Initial indications Wednesday were that flood expenses incurred by municipalities and other governments in Lake County could meet the threshold for possible federal reimbursement.
Preliminary estimates of manpower, equipment and other costs that poured into the Lake County Emergency Management Agency had totaled more than $4.36 million. That's far above the combined $2.4 million threshold required should a federal disaster declaration be forthcoming.
"We want to keep compiling because all of that may not be eligible," said C. Kent McKenzie, the emergency management coordinator.
That agency is gathering cost assessments for what is known as public assistance to submit to the Illinois Emergency Management Agency. The information will be sent to federal authorities.
And because of the scope of the flooding and number of entities potentially involved, IEMA extended its original 3 p.m. Wednesday deadline and will continue to accept preliminary estimates for the foreseeable future, McKenzie said.
Assessing damage to homes and businesses for potential reimbursement is a different process expected to get under way in earnest next week.
McKenzie said he submitted 441 pages of addresses garnered through GIS modeling that correlate to about 4,500 structures affected in some manner by flooding. Damage estimates for those properties are to be determined and will be gauged differently for potential reimbursement, he added.
"It's not just add up the numbers and compare it to a threshold," McKenzie said.
As of late Wednesday, McKenzie had submitted 43 forms for assistance from municipalities, park districts and other jurisdictions. But many, such as Gurnee, are still determining costs. Local jurisdictions can receive grants covering up to 80 percent of eligible costs.
For comparison, 125 requests for assistance were submitted by Lake County after the blizzard of 2011. There are 339 taxing bodies in the county, he said.
Hard-hit Fox Lake submitted a preliminary estimate of $166,000 for materials and manpower, according to Annette Wolf, the village's emergency services director.
"It's been 24/7. Everybody's getting worn down. We're trying to do the best with what we have," she said.
County authorities expected water levels on the Chain O' Lakes to drop 2 to 3 inches a day and take two weeks to reach minor flood levels.
Wolf said cleaning kits will be available to residents from 10 a.m. to 7 p.m. Friday, Saturday and Sunday at Lakefront Park, 71 Nippersink Road.
There are 100 kits available, but 400 more are to be delivered, she said. She stressed that residents should take pictures of any damage.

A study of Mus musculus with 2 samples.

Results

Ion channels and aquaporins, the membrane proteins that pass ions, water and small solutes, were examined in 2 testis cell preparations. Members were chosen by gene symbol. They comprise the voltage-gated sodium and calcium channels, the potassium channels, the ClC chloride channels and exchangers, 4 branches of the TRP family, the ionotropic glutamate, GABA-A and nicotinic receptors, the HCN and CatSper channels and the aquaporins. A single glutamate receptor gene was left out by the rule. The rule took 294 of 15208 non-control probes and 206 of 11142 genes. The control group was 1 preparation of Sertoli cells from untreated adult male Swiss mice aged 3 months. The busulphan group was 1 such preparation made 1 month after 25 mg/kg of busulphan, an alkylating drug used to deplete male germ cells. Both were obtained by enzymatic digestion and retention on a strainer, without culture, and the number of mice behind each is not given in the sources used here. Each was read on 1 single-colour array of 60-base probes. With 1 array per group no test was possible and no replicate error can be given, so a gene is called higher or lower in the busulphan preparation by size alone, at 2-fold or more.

"Document before you clean," she said.
Aside from a few homes near Lake Minear that had water in basements, Libertyville reported little flooding impact from the Des Plaines River as scores of volunteers filled and piled sandbags in several locations. Oak Spring Road was damaged, as was the pier at Butler Lake, Fire Chief Rich Carani said. The village submitted about $75,000 in expenses.
"For the most part, the sandbags did their jobs," he said.
County authorities expected the Des Plaines to drop to minor flood stage in Gurnee by Wednesday evening and at Lincolnshire by Friday.
In Gurnee, 18,000 to 20,000 sandbags were distributed to help affected homeowners and businesses protect structures from floodwater, village management analyst Erik Jensen said.
Gurnee's flood zone was in a section of the village principally around Kilbourne Road, Emerald Avenue and Old Grand Avenue east of the river. Most Gurnee employees were on regular time during the flooding, but some public works crews were on late for a couple of days last week, he said.
Ela Township Assessor John Barrington issued a reminder Wednesday that property owners affected by the flooding should know they have certain rights because Gov. Pat Quinn declared Lake County a disaster area on April 18.
Barrington said it allows owners to request a reassessment of any taxable property substantially damaged by flooding. He said there also can be a reduction when a property is uninhabitable for a period of time as a result of the disaster.
If a property has been damaged, Barrington said, taxpayers must contact a township assessor where they live as soon as possible to complete a special disaster area reassessment application.
"It is imperative that homeowners reach out to us now so that we can document the damage that has been done and adequately adjust the rate," he said.